The security situation is appalling considering that even areas supposed to be secure are
found to have security lapses. The shooting in the Central Jail Thursday is a glaring example which shocked the nation. Here, it is inconceivable that this could have taken place without the involvement of those responsible for security in the jail, and they clearly had floundered in their task. This has the common man all worried, and unless remedial measures are taken with immediate effect the security climate would deteriorate. The parliamentary State Affairs Committee (SAC) has issued deadlines to the government and its agencies to submit reports on how to improve the worsening security situation. The sad part is that the implementation is often found lacking. Much noise is made at the heat of the moment, but the campaign to provide security is not sustained and fizzles out. The SAC has also instructed the government to provide the blue print of the security policy and also reports on the progress on the commitments made to provide security, in the past. The culture of impunity shows no sign of abating despite resolutions made to do away with it. This is an aspect to be dealt with.
Meanwhile, if we take things as they are now, it is difficult to envisage that the government will deliver and make good its commitments. What can we expect from a government that has still to form a full-fledged cabinet of ministers even after about one and a half months. There are hosts of complaints to be made. Apart from its inability to provide adequate security, the economic front is also suffering. The industries are closing down because of labour unrest and the industrial production is plummeting. Efforts to resolve the disputes between the labourers and the management are heading for more confrontation. Virtually all sectors are in turmoil. The price of petrol and aviation fuel has been hiked by as much as 10 per cent. It will probably be only some time before the price of diesel and kerosene will be raised and that of cooking gas too. The power outages are something that appear to be a permanent feature now. Despite the realization that more hydel plants should be built, such plants are very slow coming up. These are some debacles which are as pressing as that of providing security.
Now, it is for the government to implement the requirements of the SAC. It is strange that there should be a dual administration in prisons that permits the inmates to run a parallel administration inside jails. This needs severe action. Clearly, the intention of the authorities to run the prisons as rehabilitation centres has failed. The biggest threat to security is perhaps organized crime. Criminals are found to enjoy the patronage of some influential politicians and what more criminal activities are found to be conducted by the inmates of prison. The SAC has asked the government to improve the law and order situation within 15 days, but seeing the lethargic pace at which the government is progressing, it will be a miracle if the government succeeds in curbing crime and mitigating the hosts of other problems even to some extent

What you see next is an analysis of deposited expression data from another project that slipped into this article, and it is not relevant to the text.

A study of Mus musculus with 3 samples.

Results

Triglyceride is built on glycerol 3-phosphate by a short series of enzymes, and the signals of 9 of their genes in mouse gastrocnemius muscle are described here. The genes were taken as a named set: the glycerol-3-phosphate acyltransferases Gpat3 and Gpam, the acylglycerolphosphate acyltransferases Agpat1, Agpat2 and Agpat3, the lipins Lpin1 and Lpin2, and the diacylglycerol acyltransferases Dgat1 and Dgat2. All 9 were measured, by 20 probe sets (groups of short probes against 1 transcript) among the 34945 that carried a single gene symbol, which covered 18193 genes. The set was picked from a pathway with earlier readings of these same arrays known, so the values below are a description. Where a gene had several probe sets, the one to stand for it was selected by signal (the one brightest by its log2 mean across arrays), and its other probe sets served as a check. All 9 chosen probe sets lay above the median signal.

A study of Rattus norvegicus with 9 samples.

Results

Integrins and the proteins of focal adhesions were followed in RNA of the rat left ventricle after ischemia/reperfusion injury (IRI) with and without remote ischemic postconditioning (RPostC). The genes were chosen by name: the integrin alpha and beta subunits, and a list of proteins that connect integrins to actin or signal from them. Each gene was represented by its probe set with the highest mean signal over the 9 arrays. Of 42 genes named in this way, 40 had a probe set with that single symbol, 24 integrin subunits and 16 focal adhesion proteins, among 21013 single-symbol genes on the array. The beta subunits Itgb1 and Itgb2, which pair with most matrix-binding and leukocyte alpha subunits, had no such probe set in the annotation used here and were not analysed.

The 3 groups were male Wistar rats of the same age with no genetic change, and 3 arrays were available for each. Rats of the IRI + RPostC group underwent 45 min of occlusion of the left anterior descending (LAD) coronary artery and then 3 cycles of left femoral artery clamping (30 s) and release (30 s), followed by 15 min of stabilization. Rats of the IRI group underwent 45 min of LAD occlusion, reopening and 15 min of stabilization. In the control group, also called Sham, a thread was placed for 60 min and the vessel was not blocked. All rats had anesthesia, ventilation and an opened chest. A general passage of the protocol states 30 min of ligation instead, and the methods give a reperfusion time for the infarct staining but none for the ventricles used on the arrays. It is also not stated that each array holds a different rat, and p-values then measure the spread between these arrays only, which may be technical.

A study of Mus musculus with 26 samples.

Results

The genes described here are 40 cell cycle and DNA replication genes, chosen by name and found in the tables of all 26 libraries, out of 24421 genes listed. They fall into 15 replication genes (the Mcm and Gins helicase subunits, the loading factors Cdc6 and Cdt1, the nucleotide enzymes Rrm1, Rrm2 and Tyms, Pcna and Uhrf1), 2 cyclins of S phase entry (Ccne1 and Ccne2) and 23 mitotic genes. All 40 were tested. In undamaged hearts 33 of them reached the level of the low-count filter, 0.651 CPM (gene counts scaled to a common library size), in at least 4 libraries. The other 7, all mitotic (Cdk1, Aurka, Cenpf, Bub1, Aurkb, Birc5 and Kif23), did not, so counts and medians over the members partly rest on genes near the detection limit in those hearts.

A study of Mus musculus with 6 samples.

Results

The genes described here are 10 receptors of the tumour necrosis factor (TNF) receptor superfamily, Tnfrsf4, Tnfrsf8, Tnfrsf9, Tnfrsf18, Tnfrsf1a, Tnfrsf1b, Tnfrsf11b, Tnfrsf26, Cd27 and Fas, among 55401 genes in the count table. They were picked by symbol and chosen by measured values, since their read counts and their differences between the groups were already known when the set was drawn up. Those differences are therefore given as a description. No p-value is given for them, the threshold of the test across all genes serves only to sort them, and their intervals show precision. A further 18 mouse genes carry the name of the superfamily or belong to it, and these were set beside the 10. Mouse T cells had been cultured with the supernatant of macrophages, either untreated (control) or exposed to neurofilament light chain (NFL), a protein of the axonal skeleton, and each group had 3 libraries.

It is always the ordinary consumers who have to shoulder every price hike that comes along. With the eroding purchasing power, they are hard-pressed to fend for themselves. Prices of the essentials do go up as a natural rule, but not the steep way that is practiced in Nepal. Just think of petrol prices going up by almost 10 per cent, or the Nepal Electricity Authority planning to raise its tariff by 22 per cent. No one respects the rights of the consumers. The fact remains that the consumers are victimised with no relief from any quarter. The biggest irony is that the government itself does nothing, and remains a mute spectator despite the fact that it has the duty to provide relief to the people.
The present government is also no different so far as its apathy to the plight of the people is concerned. It only knows how to widen the tax net but has no plans and programmes to utilise the revenue raised for the people’s welfare. Generating more revenue is good, but that has to go hand-in-hand with increased development activities. Without development activities the treasury will be overflowing, while the people will remain deprived of even the basic services.